Last year, in my quest to "go local" I joined a food club. It was easy. An ambitious and dedicated woman with boundless energy coordinated healthy, local and innovative suppliers to send her their wares and each week she sent the members the friendliest email describing the week's offerings and an attached order form. With ease, each week I filled out my list sometimes being adventurous and trying new foods, like fermented veggies and unique handmade soaps. Other weeks I played it safe and stocked up on chocolate cupcake mixes from a local mill, delicious raw cheeses, local eggs and even fresh produce when in season. For a $5 delivery fee, coolers lovingly packed with ice and instructions arrived on my doorstep while I was at work. I was in local food heaven!
And then? Busted. The Department of Agriculture shut us down. Why? Because you can't store food meant for sale in your home. You also can't sell food that isn't properly marked for resale. Never mind the fact we all signed agreements that allowed the food club to be our "personal shopping" service. Or the fact that we all agreed to allow the club to package, store and deliver the food safely. It's a no-no and we got shut down.
I was angry! Why can't I choose where and how I get my food? Why should I trust the government to secure safe and healthy food for my family? Aren't they the ones who allowed mercury into the corn syrup? Didn't they allow a peanut factory with more than one health violation to keep operating, pumping a dose salmonella out with every granola bar? How about that chocolate with a little tweak of melamine in it that arrived here from China, just in time for Halloween? Aren't they the ones to blame for all those tomatoes that were thrown out or left to rot because the government was sure that was where the e-coli when coming from. Oh, wait? Or could it be those crazy peppers?
Now my food is under government control. No more share-sies of a 5-gallon tub of frozen Michigan cherries with the rest of the club. No more loose tea purchased in bulk. No more ethically raised chickens bought directly from the farmer, cut the way we like them and wrapped simply and ready for the freezer. Our fearless food club leader is looking for ways to reorganize and restructure her businesses so we can once again operate as a cooperative. But for now... I am lost.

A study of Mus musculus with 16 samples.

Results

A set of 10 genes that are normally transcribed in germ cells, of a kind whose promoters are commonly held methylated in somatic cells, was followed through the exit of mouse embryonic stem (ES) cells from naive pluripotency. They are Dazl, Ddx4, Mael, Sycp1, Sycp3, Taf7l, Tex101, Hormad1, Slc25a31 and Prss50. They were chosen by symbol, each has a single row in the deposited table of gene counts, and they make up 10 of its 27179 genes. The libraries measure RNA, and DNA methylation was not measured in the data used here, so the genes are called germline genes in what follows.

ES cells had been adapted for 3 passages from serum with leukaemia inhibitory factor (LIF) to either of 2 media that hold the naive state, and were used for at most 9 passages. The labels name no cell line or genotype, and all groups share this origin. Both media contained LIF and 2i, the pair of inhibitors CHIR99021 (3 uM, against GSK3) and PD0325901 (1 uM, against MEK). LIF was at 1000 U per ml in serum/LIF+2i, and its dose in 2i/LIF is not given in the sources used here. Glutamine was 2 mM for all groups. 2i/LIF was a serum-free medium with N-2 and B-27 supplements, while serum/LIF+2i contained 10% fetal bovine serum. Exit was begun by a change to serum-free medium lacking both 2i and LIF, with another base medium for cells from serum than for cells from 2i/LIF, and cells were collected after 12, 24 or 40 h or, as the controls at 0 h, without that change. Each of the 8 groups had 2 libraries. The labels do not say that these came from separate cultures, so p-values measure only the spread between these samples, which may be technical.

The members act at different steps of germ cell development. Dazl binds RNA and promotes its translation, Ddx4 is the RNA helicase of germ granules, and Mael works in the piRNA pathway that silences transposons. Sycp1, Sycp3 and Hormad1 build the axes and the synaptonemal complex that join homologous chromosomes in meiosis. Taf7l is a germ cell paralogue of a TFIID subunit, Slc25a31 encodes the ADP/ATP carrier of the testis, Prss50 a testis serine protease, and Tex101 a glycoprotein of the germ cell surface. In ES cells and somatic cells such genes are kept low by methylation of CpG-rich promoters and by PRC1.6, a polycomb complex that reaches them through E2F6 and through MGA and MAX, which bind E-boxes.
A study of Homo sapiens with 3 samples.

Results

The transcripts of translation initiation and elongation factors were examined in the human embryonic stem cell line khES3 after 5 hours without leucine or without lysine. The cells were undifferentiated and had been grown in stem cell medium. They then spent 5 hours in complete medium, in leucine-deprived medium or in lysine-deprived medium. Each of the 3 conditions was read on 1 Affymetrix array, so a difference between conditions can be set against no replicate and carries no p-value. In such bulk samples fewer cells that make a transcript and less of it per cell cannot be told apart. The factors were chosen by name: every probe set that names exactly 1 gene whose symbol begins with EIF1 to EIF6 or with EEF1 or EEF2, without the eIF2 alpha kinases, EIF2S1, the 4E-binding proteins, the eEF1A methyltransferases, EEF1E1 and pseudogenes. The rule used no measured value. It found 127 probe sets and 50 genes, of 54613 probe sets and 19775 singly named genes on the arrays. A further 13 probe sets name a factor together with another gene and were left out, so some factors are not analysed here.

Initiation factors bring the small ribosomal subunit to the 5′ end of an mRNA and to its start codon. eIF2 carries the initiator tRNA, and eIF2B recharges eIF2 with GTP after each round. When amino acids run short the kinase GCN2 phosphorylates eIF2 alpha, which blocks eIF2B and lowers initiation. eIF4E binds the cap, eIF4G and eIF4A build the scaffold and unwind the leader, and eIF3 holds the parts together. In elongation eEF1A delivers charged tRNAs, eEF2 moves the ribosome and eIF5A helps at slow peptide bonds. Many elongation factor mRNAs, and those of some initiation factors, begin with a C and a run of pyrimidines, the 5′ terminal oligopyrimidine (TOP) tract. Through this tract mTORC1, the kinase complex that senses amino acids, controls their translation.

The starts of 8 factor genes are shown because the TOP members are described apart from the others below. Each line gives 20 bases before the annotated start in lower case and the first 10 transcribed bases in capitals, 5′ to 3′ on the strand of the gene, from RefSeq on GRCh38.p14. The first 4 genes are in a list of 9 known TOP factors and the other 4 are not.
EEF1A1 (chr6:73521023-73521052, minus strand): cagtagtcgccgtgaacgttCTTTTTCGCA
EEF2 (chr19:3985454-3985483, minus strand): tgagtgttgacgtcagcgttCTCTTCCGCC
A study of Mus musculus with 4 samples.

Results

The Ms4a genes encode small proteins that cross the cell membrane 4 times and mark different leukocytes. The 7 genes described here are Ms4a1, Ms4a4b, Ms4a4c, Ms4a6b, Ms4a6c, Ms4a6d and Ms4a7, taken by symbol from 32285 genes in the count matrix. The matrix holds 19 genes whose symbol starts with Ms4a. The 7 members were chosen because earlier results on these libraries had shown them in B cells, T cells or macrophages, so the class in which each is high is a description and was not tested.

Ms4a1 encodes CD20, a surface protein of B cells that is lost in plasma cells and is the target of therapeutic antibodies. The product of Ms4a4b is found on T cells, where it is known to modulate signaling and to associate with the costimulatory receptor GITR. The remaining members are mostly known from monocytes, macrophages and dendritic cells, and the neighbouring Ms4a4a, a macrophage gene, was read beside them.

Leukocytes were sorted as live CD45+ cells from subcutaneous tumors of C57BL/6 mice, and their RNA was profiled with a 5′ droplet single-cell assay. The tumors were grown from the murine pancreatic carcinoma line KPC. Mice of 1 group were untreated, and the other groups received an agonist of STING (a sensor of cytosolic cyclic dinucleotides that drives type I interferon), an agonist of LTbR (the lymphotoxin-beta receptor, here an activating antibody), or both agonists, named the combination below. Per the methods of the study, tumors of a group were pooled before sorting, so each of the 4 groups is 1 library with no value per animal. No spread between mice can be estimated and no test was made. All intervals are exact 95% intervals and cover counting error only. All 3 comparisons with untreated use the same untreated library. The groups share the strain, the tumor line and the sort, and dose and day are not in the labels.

Today, I bought eggs from the grocery store. Yes, they're organic, cage free and vegetarian fed. But creepily, they're all the same size and uniform in color. I miss my eggs with the pretty rainbow-hued shells in different sizes with the nice handwritten date on the plain carton. But, I needed eggs, so I bought them.
I ordered from the handmade soap company that I love dearly, but had to pay for shipping and the soap actually was more expensive than through the volume buying discount of the club. But, I needed soap, so I paid the price.
Can anyone please tell me why, in this tough economic time, is our government making it harder for us to buy local, save money and eat healthy?
Why is the government making it more complicated for parents to choose what foods they feel healthiest for their children, yet they allow vending machines and soda into the schools?
Why do they feel that my food, bought from a straight shooting farmer that will shake my hand and give me his phone number, is less safe than factory farmed animals that stand in poo for most of their lives with their only identification a 16 digit number?
Seriously, doesn't the government have something better to do with their free time? I don't know, like bail out some banks? Fix the housing crisis? Straighten out health care or maybe education? I can't imagine that a bunch of suburban housewives splitting up a bucket of frozen cherries is really that critical to the survival of our country... Am I missing something here?